Irish Penal Reform Trust

HM Inspectorate of Prisons: Minority ethnic prisoners’ experiences of rehabilitation and release planning

5th November 2020

A thematic review of Minority ethnic prisoners’ experiences of rehabilitation and release planning has been published by HM Inspectorate of Prisons.

The report found that black and minority ethnic groups (“BME”) are greatly overrepresented in the prison population in England and Wales, amounting to 27% of the prison population but only 13% of the general (outside prison) population as of March 2020. Specifically, those who identify as black account for 3% of the general population but 13% of adult prisoners.

Previous reports and research have displayed that BME prisoners have more negative experiences in prison and less faith in the justice system than other prisoners.

Gypsy, Roma and Traveller (GRT) prisoners are also greatly overrepresented. While their experiences are still included in this report, issues with identification made it difficult to locate any extensive amount of GRT prisoners to interview.

Key findings:

  • Ethnic identity’s influence on rehabilitation is underestimated – one-third of interviewed BME prisoners reported their ethnicity had directly influenced their experience of rehabilitation and release planning. Almost no staff interviewed had considered ethnicity as impactful to prisoners’ rehabilitation
  • Not enough was being done to improve communication with BME prisoners – attempts to understand the distinct perspectives of BME prisoners were largely unimaginative and ineffective
  • Experiences with staff treatment, victimisation, relationships with staff, behaviour management, disciplinary procedures, complaints and out of cell time were all reported as being poorer for BME prisoners than white prisoners.
  • GMT prisoners were more likely than other groups of prisoners to describe complex needs, to report feeling unsafe, and to say they had experienced victimisation from other prisoners
  • BME prisoners also reported lower engagement than white prisoners with supports regarding sentence planning and rehabilitation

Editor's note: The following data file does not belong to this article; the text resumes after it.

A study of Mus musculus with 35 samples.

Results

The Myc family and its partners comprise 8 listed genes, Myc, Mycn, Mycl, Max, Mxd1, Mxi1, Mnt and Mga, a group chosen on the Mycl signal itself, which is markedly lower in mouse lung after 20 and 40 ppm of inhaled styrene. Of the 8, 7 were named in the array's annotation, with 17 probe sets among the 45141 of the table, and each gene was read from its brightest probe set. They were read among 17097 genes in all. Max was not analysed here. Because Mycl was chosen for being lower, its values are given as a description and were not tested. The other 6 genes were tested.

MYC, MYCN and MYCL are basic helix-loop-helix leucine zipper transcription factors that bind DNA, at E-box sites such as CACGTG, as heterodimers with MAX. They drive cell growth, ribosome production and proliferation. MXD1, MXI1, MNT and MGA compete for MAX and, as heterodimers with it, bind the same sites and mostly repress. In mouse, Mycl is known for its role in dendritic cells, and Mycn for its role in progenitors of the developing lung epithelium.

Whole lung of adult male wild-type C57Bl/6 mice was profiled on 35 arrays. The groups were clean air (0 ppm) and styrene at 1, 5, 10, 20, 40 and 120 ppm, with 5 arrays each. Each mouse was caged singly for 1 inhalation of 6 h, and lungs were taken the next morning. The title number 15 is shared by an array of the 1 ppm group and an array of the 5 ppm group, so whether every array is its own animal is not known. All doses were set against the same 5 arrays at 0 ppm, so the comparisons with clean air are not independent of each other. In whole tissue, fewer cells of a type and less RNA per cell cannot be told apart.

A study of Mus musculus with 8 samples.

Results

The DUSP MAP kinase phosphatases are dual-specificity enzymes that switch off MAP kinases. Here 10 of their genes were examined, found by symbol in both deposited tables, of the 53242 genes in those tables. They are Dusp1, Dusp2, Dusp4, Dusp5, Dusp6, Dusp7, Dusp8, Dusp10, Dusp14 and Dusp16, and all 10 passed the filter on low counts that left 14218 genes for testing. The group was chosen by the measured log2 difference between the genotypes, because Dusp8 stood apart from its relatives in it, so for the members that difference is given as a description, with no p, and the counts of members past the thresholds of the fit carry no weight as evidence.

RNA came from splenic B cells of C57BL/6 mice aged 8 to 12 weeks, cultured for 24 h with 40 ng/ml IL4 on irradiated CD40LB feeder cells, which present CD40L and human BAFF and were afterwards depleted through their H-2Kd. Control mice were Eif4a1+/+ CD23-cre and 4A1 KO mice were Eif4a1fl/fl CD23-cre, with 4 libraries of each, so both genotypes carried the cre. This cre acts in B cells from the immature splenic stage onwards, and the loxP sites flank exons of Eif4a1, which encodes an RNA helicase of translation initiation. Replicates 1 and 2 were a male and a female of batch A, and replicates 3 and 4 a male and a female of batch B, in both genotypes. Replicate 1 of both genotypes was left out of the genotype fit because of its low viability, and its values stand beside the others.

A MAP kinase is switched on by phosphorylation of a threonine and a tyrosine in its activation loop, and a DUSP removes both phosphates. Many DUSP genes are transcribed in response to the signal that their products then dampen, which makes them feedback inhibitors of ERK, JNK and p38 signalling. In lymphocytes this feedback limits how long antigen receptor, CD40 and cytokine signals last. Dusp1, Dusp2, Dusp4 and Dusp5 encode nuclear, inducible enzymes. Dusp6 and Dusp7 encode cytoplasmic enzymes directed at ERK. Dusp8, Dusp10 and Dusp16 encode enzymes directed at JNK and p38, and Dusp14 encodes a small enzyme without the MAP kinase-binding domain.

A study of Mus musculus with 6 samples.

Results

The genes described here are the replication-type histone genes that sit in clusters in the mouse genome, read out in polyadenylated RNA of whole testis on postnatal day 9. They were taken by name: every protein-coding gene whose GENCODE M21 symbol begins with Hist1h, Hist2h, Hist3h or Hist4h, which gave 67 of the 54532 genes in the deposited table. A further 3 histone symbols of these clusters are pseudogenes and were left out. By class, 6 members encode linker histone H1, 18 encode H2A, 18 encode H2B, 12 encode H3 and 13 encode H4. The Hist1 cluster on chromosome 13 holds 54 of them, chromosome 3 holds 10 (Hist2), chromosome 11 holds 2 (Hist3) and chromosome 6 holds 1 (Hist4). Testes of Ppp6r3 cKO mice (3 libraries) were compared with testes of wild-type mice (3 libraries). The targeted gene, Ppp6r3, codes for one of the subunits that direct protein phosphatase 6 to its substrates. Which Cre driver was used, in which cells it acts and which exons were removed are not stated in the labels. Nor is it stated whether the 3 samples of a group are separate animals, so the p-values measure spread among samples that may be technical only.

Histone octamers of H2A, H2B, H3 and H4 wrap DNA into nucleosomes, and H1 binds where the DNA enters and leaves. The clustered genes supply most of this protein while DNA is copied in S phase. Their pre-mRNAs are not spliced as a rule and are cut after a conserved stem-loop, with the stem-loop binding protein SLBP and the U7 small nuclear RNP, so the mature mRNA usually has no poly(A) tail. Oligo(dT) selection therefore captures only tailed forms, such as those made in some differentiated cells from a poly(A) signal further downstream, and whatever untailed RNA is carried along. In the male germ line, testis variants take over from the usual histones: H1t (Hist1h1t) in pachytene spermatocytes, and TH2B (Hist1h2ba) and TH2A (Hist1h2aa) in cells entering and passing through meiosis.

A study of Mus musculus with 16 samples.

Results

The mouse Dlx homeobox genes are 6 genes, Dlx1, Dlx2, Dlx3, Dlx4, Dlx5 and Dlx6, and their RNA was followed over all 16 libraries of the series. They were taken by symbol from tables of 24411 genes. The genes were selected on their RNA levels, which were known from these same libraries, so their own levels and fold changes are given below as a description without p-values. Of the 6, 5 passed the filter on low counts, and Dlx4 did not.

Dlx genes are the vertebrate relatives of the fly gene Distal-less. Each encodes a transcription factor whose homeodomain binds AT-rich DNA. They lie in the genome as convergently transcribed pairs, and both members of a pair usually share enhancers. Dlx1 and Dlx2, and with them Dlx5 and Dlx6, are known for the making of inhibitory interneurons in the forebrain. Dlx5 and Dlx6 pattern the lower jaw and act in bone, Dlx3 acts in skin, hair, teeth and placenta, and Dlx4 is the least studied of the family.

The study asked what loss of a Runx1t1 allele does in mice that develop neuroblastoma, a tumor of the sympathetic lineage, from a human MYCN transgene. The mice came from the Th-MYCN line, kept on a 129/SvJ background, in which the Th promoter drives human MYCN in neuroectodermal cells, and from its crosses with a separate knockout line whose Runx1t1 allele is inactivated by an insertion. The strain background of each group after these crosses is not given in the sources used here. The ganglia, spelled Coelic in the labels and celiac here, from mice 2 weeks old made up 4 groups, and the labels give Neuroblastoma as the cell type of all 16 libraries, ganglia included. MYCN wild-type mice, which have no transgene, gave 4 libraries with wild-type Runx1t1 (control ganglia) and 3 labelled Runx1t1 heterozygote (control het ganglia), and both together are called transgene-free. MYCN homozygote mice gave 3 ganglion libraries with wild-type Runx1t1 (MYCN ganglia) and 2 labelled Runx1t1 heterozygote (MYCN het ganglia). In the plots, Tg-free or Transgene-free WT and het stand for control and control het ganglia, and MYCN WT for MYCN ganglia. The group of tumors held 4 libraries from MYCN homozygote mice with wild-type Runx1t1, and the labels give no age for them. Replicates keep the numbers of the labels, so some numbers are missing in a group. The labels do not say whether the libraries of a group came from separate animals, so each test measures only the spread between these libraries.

• BME and GRT prisoners had low expectations of rehabilitation and release support based on discriminative experiences and not feeling their prison had a ‘rehabilitative culture’ 
  • BME prisoners valued and wanted more access to purposeful activity and rehabilitative opportunities
  • BME prisoners appeared to take advantage of opportunities for education, work and vocational training but they did not feel as encouraged or supported to do so. They were more likely to report securing release on temporary license opportunities than white prisoners, and more likely to report completing offending behaviour programmes
  • BME prisoners reported less access to family support than white prisoners – generally answered family support questions more negatively than white prisoners, only a small proportion felt encouraged to maintain family communications
  • Some ethnic-specific rehabilitative work did exist and where it did it was valued: ‘Changing the Game’ programme aimed at young black men, ‘Traveller Resettlement Project’, ‘Muslim Women in Prison’, ‘Hibiscus Initiatives’ specifically for BME women
  • The disparity in experiences was lesser in female prisoners, with BME female prisoners reporting mostly similar experiences to white female prisoners, except for in the area of access to activities
  • Lack of accurate data about GRT prisoners, both in terms of their experiences and their administrative data, existed across all prisons and there was very little strategic focus on GRT prisoners. Also, lack of data being compiled generally to identify any discrimination against minority prisoners in their service access and rehabilitation  


  • National and local HM Prison and Probation Service strategies relating to rehabilitation, release planning, equality and diversity should consider how to increase BME and GRT prisoners’ access to potential benefits of ‘rehabilitative culture’
  • The specific needs and experiences of minority prisoners must be part of this effort: increasing understanding of staff of ethnic identity, improving engagement with family support interventions, improving sentence planning and rehabilitative work efforts with cultural sensitivity
  • Identifying and addressing discrimination with proper and widespread data which highlights differences between different ethnic groups
  • Rehabilitative culture should be based on dialogue with prisoners and therefore with different ethnic groups of prisoners
  • Creative efforts should be made to understand the different perspectives of BME and GRT prisoners and suitable specialist community groups should be founded
  • HMPPS should support the development of culturally sensitive services for minority ethnic prisoners – meeting specific needs and recognising the importance of identity
  • Accurate identification of GRT prisoners must be secured to they can be provided with culturally appropriate support and services and such prisoners should be identifiable when collecting prison data and addressing prisoners needs in prison policy

Read Minority ethnic prisoners’ experiences of rehabilitation and release planning on the HM Inspectorate website here.